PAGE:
A review published in Liver International journal summarises the characteristics and mechanism of liver injury caused by three highly pathogenic human coronavirus infections: severe acute respiratory syndrome coronavirus (SARS‐CoV), Middle East respiratory syndrome coronavirus (MERS‐CoV), and SARS‐CoV‐2 infection (referred to widely in the media as COVID-19). The findings may provide help for further studies on liver injury caused by SARS‐CoV‐2.

Although lung lesions have been considered the major damage caused by SARS‐CoV‐2 infection, in severe cases, liver damage has also been reported. Similarly, previous studies have shown that liver damage was common in patients infected by SARS‐CoV and MERS‐CoV, and such damage was associated with the severity of the diseases.

The authors, Dr Xin Zheng and colleagues, summarised the injury observed during SARS-CoV-2 infection and concluded that the mechanisms of this injury remain largely unclear. Current understanding suggests that infection with highly pathogenic human coronavirus may result in liver injury by direct virus-induced cytopathic effects and/or immunopathology induced by overshooting inflammatory responses. Although SARS-CoV may aggravate liver injury in patients with viral hepatitis, there is no such evidence for MERS-CoV and SARs-CoV-2. Importantly, the review concludes that drug-induced liver injury during the treatment of coronavirus infection should not be ignored and needs to be carefully investigated.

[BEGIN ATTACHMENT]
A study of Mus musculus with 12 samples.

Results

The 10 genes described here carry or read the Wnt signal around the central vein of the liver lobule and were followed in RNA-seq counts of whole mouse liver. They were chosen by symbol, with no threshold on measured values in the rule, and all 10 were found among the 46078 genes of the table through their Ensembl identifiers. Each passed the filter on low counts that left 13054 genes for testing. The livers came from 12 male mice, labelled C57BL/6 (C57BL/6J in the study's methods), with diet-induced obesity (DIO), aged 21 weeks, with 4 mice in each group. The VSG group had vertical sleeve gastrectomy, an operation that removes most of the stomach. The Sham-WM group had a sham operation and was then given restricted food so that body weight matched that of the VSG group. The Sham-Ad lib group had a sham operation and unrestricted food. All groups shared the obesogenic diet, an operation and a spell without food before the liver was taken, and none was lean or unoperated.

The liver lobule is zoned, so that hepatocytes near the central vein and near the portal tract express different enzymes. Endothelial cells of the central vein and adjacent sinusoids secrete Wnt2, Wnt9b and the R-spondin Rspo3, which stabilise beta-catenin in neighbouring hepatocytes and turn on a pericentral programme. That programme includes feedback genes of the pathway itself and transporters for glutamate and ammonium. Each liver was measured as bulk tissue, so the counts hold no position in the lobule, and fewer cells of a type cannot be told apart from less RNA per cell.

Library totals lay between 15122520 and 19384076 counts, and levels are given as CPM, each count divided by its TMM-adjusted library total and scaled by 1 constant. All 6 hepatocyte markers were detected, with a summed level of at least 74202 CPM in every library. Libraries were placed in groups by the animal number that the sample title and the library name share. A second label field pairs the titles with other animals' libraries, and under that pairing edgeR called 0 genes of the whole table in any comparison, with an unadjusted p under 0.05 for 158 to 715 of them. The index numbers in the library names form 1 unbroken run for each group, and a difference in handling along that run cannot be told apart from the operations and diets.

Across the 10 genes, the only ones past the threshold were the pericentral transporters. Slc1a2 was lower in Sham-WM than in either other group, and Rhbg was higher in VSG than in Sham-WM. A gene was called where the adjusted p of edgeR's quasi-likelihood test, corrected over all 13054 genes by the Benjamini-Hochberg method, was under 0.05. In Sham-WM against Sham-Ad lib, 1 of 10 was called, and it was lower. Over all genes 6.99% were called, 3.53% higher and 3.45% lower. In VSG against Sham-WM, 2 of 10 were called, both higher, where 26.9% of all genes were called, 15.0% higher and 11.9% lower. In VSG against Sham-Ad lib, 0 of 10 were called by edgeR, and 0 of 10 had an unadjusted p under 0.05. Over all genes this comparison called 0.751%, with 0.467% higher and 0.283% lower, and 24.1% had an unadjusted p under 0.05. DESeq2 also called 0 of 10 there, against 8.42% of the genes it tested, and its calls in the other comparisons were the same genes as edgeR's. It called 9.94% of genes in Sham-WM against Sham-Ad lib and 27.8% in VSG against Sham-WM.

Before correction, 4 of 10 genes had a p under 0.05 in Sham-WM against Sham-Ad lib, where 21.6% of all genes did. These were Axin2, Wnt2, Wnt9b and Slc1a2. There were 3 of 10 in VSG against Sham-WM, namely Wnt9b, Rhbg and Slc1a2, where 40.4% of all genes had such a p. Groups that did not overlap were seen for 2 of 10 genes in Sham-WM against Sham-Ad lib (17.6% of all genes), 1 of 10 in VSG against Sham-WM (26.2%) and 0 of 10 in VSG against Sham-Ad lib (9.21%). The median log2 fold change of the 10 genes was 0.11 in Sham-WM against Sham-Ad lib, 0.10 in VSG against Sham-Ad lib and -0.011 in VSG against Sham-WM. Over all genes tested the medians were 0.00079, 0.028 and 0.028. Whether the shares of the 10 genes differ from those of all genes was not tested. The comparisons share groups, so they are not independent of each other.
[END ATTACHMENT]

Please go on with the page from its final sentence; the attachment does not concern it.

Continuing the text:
“From a clinical perspective, in addition to dealing actively with the primary disease caused by coronavirus infection, attention should also be paid to monitor the occurrence of liver injury, and to the application of drugs which may induce liver damage,” the authors conclude. “Patients with liver damage are advised to be treated with drugs that could both protect liver functions and inhibit inflammatory responses.”

You can read the full review at Liver International.